Southern Fried Corn makes a simple, classic southern side dish. Made of corn, milk, butter, and bacon, this fried corn recipe is one you’ll love.
Okay y’all, I’m about to share with you a recipe that with one single bite elicits immediate groans and mmm’s from those who taste it. There really are no two ways about it, Southern Fried Corn is beyond delicious.
Growing up, I remember my Uncle James would have field after field of corn growing during the summer. It seemed like it took him forever on his big tractor plowing the fields and then coming back throw planting the corn for his crop. My Daddy on the other hand only had a small garden area behind our house that was dedicated to his corn. Instead of a huge tractor and hours of time, Daddy would simply plow his garden spot, walk the row with a long wooden stick making a hole every few steps, and then dropping the kernel of corn into the hole he’d prepared. My job was to follow behind him to push the dirt back over the hole.
Baby stalks would seemingly jump out of the ground and Daddy would start his annual work of keeping the deer and rabbits out of his garden. Each year brought a different solution he’d heard about and each year we’d still lose a few plants to the animals. He and my uncle would conspire over the latest tricks that were working for them.
Throughout the hot days of the summer, they would tweak this or that and then their beautiful corn would begin to tassle and be ready for the picking. Numerous corn dishes would ensue from corn casserole, roasted corn, creamed corn, and my favorite – fried corn.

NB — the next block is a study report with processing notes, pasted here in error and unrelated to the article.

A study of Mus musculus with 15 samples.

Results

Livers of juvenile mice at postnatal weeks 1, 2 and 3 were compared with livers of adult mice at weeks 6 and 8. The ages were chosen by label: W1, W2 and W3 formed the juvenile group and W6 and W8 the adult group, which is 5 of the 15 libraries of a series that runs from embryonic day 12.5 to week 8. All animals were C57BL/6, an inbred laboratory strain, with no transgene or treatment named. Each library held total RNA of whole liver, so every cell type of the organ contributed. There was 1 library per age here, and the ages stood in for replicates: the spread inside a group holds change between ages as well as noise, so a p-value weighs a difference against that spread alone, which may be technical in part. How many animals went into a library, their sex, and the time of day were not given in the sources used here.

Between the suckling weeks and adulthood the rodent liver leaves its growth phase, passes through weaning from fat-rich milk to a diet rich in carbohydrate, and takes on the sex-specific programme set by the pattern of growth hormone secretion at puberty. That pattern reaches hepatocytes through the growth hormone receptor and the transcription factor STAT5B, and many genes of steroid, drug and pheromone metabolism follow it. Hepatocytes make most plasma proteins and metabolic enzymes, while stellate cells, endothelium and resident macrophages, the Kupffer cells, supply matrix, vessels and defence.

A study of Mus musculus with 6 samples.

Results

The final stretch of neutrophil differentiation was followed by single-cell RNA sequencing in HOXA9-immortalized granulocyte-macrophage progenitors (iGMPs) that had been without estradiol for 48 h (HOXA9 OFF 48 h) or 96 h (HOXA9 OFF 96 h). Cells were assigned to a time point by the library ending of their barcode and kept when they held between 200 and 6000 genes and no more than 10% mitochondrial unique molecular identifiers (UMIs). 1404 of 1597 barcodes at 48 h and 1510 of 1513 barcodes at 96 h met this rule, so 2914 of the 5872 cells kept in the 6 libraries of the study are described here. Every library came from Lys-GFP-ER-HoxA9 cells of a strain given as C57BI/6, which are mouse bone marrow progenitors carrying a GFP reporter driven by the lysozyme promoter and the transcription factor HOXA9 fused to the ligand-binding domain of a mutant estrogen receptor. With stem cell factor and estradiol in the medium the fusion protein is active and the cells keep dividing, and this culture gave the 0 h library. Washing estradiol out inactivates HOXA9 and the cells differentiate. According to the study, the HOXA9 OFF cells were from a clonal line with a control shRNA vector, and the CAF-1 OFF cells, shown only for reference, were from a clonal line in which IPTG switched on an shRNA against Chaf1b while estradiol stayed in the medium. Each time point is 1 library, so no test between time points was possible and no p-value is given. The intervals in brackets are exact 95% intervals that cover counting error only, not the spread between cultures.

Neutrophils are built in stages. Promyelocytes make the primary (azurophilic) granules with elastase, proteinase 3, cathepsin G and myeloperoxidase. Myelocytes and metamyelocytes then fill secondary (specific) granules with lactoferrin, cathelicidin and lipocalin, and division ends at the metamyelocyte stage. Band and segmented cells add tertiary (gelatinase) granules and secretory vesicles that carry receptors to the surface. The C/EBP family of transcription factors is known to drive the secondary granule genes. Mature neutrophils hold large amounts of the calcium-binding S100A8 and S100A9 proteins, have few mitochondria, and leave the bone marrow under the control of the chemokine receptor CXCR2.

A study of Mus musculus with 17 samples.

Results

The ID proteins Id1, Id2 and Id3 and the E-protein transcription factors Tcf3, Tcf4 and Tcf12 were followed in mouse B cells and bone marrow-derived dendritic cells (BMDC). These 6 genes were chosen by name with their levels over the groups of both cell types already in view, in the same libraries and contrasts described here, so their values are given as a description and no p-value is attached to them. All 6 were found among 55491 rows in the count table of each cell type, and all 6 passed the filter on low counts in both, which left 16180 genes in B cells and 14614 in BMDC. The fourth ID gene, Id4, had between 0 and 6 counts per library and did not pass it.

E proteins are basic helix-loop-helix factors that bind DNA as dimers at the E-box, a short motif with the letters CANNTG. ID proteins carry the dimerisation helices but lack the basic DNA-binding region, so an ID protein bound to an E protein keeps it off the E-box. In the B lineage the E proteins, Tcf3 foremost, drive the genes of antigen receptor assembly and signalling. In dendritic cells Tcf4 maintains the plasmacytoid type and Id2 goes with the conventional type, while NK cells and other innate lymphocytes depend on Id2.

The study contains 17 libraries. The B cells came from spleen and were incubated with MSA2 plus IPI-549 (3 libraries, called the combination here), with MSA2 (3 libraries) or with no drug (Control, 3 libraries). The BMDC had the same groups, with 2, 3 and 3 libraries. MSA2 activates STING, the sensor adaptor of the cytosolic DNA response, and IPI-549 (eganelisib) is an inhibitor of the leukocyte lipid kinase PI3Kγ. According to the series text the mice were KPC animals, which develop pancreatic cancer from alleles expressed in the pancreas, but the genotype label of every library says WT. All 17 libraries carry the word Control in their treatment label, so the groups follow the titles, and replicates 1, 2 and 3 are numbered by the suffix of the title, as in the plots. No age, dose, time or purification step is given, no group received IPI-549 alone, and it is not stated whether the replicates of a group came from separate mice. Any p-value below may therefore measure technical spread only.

This year, we attempted to grow corn but we didn’t have all of the tricks up our sleeves that Daddy and Uncle James must have had when we were growing up. The deer happily grazed each evening on our beautiful corn just as the stalks were about knee high. But, thankfully, our local farmer’s market has kept gorgeous corn this summer and I haven’t missed harvesting those rows one bit.
Here’s how I make my Southern Fried Corn.
Cut your bacon into bite sized pieces or smaller.
Cook in a frying pan or skillet until nice and browned.
Now, take your corn and clean it.
With a small, sharp paring knife, cut all of your corn off of the cob.
Then with the back of the knife, scrape out all of the milk into your frying pan.
Add your salt, pepper, and sugar.
And pour in your milk.
Cook over medium to low heat, being sure to stand close by and stir often.
You don’t want to scorch your corn.
At the very end of cooking, stir in a tablespoon of butter and cook about one more minute.
Cook until reduced and your corn is tender and then be ready to watch it be gone in a flash.
Did you have a garden this year? How did it do for ya?